The Sales Process.

Selling a property can seem like a long and complicated process – but it doesn’t have to be! To complement our guide to conveyancing, we’ve summarised all the different steps in the sales process to help you understand how it works.


Anyone selling their property will need to enlist the services of a specialist conveyancing solicitor to handle the legal aspect of the transaction. There are a number of stages to this process. 

You instruct your conveyancing solicitor of choice.

If on board, the conveyancer will accept the case within 24 hours. They will then send you a pack of information to fill in and return to them. They cannot begin their work until this is done. 

ID requirements satisfied.

Your conveyancer will request ID to confirm your identification. Once they are satisfied it fulfils requirements they can move on to the next stage. 

Conveyancer sends information.

Next, your solicitor will send you some documents to fill in. This will include a property information form and a fixtures and fitting form. For the property information form, you will need to provide details of boundaries, alterations, guarantees and warranties, among other things. The fixture and fittings form will require you to detail exactly what is included in the sale price and if any other items like furniture or appliances may be available to the buyer for an extra cost. 

Contract issued.

The conveyancer will draw up a legal contract to transfer the ownership of the property in question to your buyer. Once complete, they will send this to the buyer’s conveyancer for them to review.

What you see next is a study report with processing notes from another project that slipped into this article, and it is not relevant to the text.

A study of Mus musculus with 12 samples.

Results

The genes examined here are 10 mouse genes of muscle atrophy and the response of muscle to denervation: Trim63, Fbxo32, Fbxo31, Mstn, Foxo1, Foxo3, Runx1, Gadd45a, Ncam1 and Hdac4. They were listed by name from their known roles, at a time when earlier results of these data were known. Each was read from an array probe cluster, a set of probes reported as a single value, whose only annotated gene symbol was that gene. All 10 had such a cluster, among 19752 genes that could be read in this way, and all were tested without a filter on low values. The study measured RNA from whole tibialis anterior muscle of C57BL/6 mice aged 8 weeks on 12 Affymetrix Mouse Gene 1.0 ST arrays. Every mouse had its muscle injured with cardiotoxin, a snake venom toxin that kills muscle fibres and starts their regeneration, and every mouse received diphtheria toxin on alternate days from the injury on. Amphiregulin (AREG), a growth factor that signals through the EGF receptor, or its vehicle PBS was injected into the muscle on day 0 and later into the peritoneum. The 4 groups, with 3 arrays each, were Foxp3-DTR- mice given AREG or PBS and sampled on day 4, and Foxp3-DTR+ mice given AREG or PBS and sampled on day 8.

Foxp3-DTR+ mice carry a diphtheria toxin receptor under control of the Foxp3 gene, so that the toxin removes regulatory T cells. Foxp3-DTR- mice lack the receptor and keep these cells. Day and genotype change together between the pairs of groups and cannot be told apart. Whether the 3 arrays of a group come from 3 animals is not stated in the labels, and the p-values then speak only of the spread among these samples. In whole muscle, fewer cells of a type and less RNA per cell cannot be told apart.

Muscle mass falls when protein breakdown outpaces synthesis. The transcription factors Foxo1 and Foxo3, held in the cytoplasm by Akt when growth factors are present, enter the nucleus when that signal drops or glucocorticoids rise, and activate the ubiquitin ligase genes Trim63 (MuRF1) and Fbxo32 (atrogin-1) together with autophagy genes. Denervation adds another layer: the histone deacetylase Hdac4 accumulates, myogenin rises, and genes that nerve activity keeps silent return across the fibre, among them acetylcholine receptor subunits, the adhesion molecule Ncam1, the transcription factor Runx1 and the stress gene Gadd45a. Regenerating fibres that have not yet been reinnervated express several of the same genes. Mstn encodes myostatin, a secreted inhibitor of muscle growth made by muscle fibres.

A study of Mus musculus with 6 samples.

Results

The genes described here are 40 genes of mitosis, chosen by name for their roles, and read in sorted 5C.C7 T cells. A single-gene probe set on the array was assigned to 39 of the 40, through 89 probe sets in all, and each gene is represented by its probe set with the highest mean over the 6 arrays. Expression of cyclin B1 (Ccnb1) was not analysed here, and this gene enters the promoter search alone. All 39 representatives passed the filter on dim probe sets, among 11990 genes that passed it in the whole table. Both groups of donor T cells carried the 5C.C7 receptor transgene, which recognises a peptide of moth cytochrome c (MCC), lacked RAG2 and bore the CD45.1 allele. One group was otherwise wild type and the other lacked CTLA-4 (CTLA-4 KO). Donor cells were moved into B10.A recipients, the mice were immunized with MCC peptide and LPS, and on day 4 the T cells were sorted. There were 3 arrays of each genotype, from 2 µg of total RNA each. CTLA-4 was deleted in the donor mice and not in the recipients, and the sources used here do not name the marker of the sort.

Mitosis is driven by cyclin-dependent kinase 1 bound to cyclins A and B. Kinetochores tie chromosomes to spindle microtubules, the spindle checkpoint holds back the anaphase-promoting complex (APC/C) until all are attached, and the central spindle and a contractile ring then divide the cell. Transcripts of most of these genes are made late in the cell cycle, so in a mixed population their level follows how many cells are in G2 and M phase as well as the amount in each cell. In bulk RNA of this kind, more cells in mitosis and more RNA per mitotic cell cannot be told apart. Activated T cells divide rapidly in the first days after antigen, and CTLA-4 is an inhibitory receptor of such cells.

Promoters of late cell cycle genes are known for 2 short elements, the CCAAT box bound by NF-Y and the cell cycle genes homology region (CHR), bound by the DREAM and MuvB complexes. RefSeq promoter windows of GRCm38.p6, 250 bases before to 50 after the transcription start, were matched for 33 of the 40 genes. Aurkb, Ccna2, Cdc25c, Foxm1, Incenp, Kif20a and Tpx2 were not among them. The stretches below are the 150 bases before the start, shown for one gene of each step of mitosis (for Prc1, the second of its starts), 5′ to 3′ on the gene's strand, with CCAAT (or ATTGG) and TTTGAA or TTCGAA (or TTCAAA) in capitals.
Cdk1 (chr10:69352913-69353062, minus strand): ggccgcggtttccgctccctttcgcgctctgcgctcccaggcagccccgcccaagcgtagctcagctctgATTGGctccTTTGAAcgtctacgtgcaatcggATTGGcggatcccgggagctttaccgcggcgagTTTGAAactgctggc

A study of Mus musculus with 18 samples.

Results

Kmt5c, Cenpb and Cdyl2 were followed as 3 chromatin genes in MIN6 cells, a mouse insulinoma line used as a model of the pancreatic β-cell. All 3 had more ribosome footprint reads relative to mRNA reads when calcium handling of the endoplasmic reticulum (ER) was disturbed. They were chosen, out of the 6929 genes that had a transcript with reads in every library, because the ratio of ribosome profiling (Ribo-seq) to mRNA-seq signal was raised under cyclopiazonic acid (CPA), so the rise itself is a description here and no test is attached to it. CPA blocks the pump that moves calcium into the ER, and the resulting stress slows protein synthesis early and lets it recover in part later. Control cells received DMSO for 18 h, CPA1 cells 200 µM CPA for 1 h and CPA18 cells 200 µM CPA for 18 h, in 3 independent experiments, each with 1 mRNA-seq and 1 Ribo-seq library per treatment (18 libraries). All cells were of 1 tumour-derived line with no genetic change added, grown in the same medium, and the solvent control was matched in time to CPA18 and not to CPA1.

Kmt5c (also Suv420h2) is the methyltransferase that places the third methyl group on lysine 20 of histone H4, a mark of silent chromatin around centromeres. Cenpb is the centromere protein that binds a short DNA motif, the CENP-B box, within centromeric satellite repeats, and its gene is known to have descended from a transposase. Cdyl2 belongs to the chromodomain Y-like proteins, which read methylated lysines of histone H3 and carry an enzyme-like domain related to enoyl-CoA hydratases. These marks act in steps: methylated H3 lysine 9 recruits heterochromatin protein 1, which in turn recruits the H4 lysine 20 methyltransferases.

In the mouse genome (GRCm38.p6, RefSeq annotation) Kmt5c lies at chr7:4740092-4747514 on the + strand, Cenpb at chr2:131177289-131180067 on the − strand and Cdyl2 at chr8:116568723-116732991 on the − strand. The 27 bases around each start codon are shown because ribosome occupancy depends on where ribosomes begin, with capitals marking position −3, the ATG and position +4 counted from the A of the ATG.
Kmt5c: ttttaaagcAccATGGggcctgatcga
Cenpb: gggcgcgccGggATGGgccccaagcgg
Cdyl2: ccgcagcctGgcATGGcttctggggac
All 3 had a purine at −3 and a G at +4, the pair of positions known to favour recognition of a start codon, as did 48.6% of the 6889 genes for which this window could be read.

Contract returned.

The buyer’s conveyancer will return the contract either fully approved or with some queries about the property. To avoid delays, it’s important to respond to these as quickly as possible. Your conveyancer will respond to the buyer with any additional information you have provided. This can sometimes lead to further enquiries. 

Contract signed.

Once both parties are happy, they will agree on a completion date and formally exchange signed versions of the contracts. This is the point in the sales process where you are legally committed to complete. 


The final stage! On completion day, you must fully move out of the property. The proceeds of the sale will be received by your conveyancer and they will then arrange for the keys to be handed over. This is usually done through an estate agent. Proceeds received, your conveyancer will send the title deeds and transfer deed to the buyer’s conveyancer. If an estate agent was used, this is the point your conveyancer pays them, repays the existing mortgage lender (if applicable), and finally takes their fee. 

Emma Jones

Emma began her career in Lloyds Banking Group, first in the unsecured loans department at HSBC and later as a mortgage advisor at Lloyds. During 9 years in these roles and a further 2 years at Yorkshire Building Society, Emma was able to observe the impact of the recession, and how the the banks let their customers down by denying loans and mortgages.

Wanting to be a driving force for change, she stepped into a market advice role where she has been able to help clients when others couldn’t. Identifying a gap in the mortgage space, Emma went on to establish When the Bank Says No. As a keen property investor, she has been the focus of features in publications including The Sunday Times and This is Money.

Emma’s greatest joy is overcoming the low expectations of their customers, many of whom have all but given up on getting a mortgage due. Emma and her team’s passion for helping people overcome the challenges they may face when applying for a mortgage have fuelled the success of When the Bank Says No.